By Robyn Welsh
The native backdrop of Northland's Waipoua Forest shaped the rural life of the Donahoe family for the seven years they owned and operated the historic Waipoua Lodge.
Here, in the privacy of their Parnell home, it is a towering pohutukawa tree that has defined the dramatic contrast of their urban life in the heart of one of Auckland's oldest inner city suburbs.
This tree's multi-trunk form is the backdrop to their ground floor living areas and the lynchpin for a garden of natives that fill the views through the picture windows around this house.
"We bought this home because of that pohutukawa," says Nicole. "Chris saw it, he loved it and it was he who really chose this home. One of the best things I love about this house is lying in bed upstairs and your whole view is the tree."
Practically-speaking, it was this home's double-grammar zone status that initially drew Nicole and Chris down the driveway and into this unseen enclave of neighbouring homes with their similarly landscaped gardens.
All that aside, it was Chris and Nicole's keenness to add a city contrast to the rural life that their children Finn (22) and Caitlin (18) enjoyed in Northland and which included their first schooling at the local Aranga school.
"We went from 48 kids to 2000 or so," says Nicole, of the contrasts that rounded out their lives. "I don't know whether I'm a Northland girl or an Auckland girl, I can't decide, I'm really a country girl, I'm a green girl. I love nature. When I'm working upstairs in my lounge, I can look out and see the cars heading up the hill. I'm up here looking at the trees and not out there in the traffic. "
That sunny lounge off the master bedroom was Chris and Nicole's favourite spot for a break from their respective work. "Chris would bring up a cup of tea and we'd sit here and philosophise and put the world to rights," she says.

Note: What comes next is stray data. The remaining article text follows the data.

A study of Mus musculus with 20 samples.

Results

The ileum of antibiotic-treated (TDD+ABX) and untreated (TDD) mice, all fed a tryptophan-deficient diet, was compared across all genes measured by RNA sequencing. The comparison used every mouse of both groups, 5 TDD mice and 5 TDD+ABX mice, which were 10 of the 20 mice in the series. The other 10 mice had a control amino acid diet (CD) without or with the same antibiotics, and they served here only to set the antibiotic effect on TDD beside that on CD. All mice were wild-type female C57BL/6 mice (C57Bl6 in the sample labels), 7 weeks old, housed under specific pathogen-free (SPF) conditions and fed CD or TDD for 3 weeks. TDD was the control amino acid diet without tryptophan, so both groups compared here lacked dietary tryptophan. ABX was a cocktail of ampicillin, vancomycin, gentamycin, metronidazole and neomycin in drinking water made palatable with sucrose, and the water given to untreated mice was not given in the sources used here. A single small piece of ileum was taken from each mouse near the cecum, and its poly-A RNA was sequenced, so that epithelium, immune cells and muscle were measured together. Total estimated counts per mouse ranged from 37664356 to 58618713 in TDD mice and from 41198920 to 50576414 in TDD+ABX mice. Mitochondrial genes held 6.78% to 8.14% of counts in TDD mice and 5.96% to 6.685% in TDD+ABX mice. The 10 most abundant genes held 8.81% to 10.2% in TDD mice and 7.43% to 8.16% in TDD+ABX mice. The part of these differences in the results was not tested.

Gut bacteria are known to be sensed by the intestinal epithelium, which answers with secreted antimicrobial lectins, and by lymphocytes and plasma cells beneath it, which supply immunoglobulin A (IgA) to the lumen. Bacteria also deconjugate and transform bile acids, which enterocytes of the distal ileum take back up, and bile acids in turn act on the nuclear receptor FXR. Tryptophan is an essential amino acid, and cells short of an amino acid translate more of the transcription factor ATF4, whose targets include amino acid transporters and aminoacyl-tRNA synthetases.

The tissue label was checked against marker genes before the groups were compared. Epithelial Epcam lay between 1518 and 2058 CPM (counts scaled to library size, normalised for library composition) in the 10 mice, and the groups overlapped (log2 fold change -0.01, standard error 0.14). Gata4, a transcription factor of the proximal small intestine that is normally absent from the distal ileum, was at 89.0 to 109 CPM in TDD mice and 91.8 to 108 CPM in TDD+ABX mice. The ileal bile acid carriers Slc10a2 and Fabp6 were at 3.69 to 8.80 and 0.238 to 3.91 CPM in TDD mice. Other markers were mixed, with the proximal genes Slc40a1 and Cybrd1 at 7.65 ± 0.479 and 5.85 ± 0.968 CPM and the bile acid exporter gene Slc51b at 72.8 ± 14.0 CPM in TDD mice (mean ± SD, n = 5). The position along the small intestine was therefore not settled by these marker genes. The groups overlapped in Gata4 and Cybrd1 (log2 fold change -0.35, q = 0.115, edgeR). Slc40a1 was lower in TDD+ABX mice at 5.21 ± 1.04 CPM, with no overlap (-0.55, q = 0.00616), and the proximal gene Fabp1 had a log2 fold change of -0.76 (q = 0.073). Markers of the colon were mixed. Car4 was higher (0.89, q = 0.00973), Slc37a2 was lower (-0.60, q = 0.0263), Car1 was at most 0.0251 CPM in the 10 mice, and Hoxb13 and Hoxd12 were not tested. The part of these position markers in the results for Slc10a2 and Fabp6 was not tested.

Because of its fine architectural form, the house only needed minor touches in keeping with the couple's requirements and taste.
Upstairs, Nicole installed extra hallway storage by their en suite and dressing room that is quite separate from their children's quarters.
Downstairs, beyond the tiled entrance, their large formal lounge with its picture windows that frame the outdoor nikau palms, opens on the opposite side to their sheltered barbecue area.
That outdoor space also opens into the wider family living area on the lower level, where warm timber floors strengthen nature's connection with the perimeter titoki trees alongside that specimen pohutukawa.
In the all-in-one family, dining and kitchen area, those timber tones are repeated in kitchen cabinetry updated with new white cupboard/drawer fronts.
Nicole brought wicker in as her textural accent, from the breakfast bar lampshades to the baskets in her rear open shelves that she created by removing the cupboard doors.
New white window shutters and curtains and new window seat squabs have softened and lightened the living areas. "It was all seriously modern and I wanted to make it a bit more country," she says.
Much more has changed within this family's dynamic over recent years. In the two years since Chris died, Caitlin has begun university studies in Canterbury and Finn has graduated from university and started his first job.
For Nicole, the time has come to hand over the large city home she no longer needs and to focus on how she wants to shape her own future.